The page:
You disabled WiFi and GPS, but you still have cellular data turned on. That means that the phone is in communication with the local cell towers. Android uses cell tower geolocation to estimate your current location.
Each cell tower has a set of ID numbers that identifies them to the phones. It broadcasts its identity constantly so that phones can connect to it as they move around. Cellular tower antennas are directional, with each tower serving roughly three different areas; you can think of them as three pie-shaped wedges with the cell tower at the center of the pie. Each of those wedges is a "cell" (which is where the technology got its name.)
Each of the radios serving those cells transmits using a certain amount of power - the closer you are to the tower, the stronger the signal your phone receives, and vice versa. Your phone uses the received signal strength to save batteries. The farther away a cell tower is, the more power it takes your phone transmit to it. So a cell phone always tries to lock onto the strongest signal so that it can transmit using the least amount of power. A more useful way of looking at it is that received signal strength represents the rough distance to the cell tower.
So now picture that cell, shaped like a wedge of pie, with the strongest signals received closest to the tower, and weakest furthest from the tower. Imagine slicing the wedge of pie in curved lines ringing the tower, with strong signal strength in the closest slice and the weakest signal in the furthest slice. It looks (very) roughly the WiFi logo. Each of those slices represents some tiny area of the planet, and you're standing in one of them.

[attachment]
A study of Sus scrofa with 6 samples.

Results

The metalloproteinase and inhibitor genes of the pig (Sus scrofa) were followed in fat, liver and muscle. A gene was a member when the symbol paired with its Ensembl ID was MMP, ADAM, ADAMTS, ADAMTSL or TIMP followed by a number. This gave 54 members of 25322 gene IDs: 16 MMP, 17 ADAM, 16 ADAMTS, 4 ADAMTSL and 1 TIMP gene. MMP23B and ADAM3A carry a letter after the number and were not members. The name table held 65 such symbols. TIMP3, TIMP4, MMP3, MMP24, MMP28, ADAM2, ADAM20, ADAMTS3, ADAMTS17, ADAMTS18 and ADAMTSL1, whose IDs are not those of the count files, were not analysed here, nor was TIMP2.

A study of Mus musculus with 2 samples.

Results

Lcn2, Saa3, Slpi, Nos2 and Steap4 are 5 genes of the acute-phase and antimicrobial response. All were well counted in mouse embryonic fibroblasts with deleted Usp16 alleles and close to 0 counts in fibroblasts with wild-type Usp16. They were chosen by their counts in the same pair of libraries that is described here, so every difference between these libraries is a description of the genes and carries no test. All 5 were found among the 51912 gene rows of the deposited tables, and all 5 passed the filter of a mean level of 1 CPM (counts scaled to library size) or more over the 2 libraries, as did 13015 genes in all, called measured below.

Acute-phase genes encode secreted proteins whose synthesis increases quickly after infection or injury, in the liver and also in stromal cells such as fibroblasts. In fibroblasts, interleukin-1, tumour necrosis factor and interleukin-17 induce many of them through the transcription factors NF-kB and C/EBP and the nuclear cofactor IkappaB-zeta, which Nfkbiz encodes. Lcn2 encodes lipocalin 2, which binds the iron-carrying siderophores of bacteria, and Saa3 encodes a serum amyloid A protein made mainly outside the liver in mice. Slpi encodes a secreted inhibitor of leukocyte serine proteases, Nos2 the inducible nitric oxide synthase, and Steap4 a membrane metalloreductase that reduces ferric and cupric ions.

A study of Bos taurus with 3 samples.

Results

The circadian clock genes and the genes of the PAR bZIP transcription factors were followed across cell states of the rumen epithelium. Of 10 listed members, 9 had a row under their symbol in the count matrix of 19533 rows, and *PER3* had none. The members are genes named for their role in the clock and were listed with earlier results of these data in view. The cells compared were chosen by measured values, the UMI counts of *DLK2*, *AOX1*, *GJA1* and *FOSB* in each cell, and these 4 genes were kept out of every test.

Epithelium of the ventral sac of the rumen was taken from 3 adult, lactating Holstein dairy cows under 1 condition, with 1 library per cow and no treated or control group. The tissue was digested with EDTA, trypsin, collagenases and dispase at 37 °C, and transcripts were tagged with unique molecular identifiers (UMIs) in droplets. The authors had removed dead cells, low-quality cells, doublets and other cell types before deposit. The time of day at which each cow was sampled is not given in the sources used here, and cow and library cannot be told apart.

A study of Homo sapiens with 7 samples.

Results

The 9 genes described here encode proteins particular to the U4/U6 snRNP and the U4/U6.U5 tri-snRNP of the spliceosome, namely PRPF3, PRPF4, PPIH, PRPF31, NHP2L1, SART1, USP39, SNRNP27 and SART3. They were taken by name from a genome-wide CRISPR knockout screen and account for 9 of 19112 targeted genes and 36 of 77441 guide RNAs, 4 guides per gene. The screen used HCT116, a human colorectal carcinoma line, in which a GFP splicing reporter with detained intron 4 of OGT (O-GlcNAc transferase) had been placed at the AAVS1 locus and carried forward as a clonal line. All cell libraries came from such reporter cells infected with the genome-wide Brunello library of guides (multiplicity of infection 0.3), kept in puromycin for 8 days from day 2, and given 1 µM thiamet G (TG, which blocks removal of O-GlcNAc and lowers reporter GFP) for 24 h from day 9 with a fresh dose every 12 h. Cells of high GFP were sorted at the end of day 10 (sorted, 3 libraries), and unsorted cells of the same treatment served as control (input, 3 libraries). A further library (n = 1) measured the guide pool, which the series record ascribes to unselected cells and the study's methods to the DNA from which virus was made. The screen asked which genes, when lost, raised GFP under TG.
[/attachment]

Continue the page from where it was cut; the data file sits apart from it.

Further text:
If you're in a larger populated area, like a city, your phone will usually get signals from more than one cell tower. So picture the intersection of overlapping slices from tower A, tower B, tower C, and tower D. The intersections define a smaller and smaller area.
So how does Google know any of where these cells, wedges, slices, and intersections are? From the billion Android phones that have GPS turned on (including yours, when your GPS was on), constantly sending reports of their GPS location and what cell towers and signal strengths they see. Google has used this data to map out where each cell is located, and what the approximate signal strength is at each point. They have a giant database on their servers with this information; your phone queries that database by making a network request that lists all cell towers that are in range, and the Google servers respond with your estimated location.
It's all very approximate, of course, because radio signals don't actually travel in perfect little pie wedges - they bounce off buildings and cars, they get absorbed by trees and walls and fog and clouds and people. And new cell towers come and go every day, so the radio transmitter landscape is frequently changing, too. The millions of reports produce only average GPS coordinates. But that's OK, because even imperfect location data is still good enough for most user needs.
Finally, for additional accuracy, the Google Play location services software on your phone keeps track of the last known location of your phone, and may use this to better estimate your current location. In particular, the last known location is a plausible estimate for your current location (under the heuristic that you might not have moved since the last time your location was queried); if this seems consistent with cell tower information, it might be used to improve the accuracy of your estimated location.